What is bronchiolitis?

Bronchiolitis is an infection that causes the small breathing tubes of the lungs (bronchioles) to swell. This blocks airflow through the lungs, making it hard to breathe. It occurs most often in infants because their airways are smaller and more easily blocked than in older children. Bronchiolitis is not the same as bronchitis, which is an infection of the larger, more central airways that typically causes problems in adults.

What causes bronchiolitis?

Bronchiolitis is caused by one of several viruses. Respiratory syncytial virus (RSV) is the most likely cause from October through March. Other viruses can also cause bronchiolitis.

Infants with RSV infection are more likely to get bronchiolitis with wheezing and difficulty breathing. Most adults and many older children with RSV infection only get a cold. RSV is spread by contact with an infected person's mucus or saliva (respiratory droplets produced during coughing or wheezing). It often spreads through families and child care centers

What are the signs and symptoms of bronchiolitis?

Bronchiolitis often starts with signs of a cold, such as a runny nose, mild cough, and fever. After a day or two, the cough may get worse and the infant will begin to breathe faster. The following signs may mean that the infant is having trouble breathing:

  • He may widen his nostrils and squeeze the muscles under his rib cage to try to get more air in and out of his lungs.
  • When he breathes, he may grunt and tighten his stomach muscles.
  • He will make a high-pitched whistling sound, called a wheeze, each time he breathes out.
  • He may have trouble drinking because he may have trouble sucking and swallowing.
  • If it gets very hard for him to breathe, you may notice a bluish tint around his lips and fingertips. This tells you that his airways are so blocked that there is not enough oxygen getting into his blood.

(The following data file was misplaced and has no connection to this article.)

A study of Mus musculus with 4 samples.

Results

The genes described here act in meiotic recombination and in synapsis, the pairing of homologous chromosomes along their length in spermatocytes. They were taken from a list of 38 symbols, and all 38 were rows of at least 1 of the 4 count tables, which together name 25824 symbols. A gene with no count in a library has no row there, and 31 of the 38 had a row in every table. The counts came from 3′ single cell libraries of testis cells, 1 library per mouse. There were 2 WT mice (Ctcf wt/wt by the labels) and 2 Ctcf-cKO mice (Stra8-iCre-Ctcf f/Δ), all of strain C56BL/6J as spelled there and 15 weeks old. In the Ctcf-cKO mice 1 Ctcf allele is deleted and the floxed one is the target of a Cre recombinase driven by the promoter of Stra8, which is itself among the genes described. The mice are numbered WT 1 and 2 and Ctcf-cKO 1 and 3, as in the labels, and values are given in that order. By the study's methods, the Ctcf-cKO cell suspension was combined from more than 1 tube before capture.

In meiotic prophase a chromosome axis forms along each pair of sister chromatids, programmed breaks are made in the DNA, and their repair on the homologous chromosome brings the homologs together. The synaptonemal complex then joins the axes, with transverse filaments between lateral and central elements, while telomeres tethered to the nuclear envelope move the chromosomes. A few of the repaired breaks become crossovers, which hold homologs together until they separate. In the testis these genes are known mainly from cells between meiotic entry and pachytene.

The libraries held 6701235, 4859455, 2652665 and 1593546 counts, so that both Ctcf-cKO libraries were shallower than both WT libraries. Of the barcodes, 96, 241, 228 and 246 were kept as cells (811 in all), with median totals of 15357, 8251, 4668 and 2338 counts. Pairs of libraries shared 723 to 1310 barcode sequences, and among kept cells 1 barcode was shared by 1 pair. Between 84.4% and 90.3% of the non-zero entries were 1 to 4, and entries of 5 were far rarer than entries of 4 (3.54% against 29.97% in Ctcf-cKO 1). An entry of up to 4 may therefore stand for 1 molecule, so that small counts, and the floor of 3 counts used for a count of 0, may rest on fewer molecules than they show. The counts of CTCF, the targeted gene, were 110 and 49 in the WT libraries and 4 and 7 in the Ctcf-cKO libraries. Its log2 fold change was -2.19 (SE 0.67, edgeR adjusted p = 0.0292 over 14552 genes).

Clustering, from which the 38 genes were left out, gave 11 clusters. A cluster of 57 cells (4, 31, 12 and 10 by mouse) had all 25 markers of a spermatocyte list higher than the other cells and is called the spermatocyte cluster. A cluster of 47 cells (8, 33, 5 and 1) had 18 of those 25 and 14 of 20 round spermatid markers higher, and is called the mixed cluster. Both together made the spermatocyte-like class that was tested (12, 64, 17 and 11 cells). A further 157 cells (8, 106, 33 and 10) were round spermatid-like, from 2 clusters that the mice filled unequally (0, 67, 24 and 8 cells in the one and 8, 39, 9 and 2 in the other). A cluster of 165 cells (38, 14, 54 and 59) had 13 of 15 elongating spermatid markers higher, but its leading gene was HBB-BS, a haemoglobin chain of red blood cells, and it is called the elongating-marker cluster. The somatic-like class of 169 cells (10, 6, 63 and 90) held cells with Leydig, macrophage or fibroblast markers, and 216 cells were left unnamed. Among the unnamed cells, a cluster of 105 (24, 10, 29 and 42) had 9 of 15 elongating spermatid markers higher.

If your baby shows any of these signs of troubled breathing, call your child's doctor.

Your child may become dehydrated if he cannot comfortably drink fluids. Call your child's doctor if your baby develops any of the following signs of dehydration:

  • Drinking less than normal
  • Dry mouth
  • Crying without tears
  • Urinating less often than normal

Bronchiolitis may cause more severe illness in children who have a chronic illness. If you think your child has bronchiolitis and your child has any of the following conditions, call your child's doctor:

  • Cystic fibrosis
  • Congenital heart disease
  • Chronic lung disease (seen in some infants who were on breathing machines or respirators as newborns)
  • Immune deficiency disease (like acquired immunodeficiency syndrome [AIDS])
  • Organ or bone marrow transplant
  • A cancer for which he is receiving chemotherapy

For more information, see "Treating Bronchiolitis in Infants."

 

Last Updated
5/11/2013
Source
Bronchiolitis and Your Young Child (Copyright © 2006 American Academy of Pediatrics, Updated 10/2011)
The information contained on this Web site should not be used as a substitute for the medical care and advice of your pediatrician. There may be variations in treatment that your pediatrician may recommend based on individual facts and circumstances.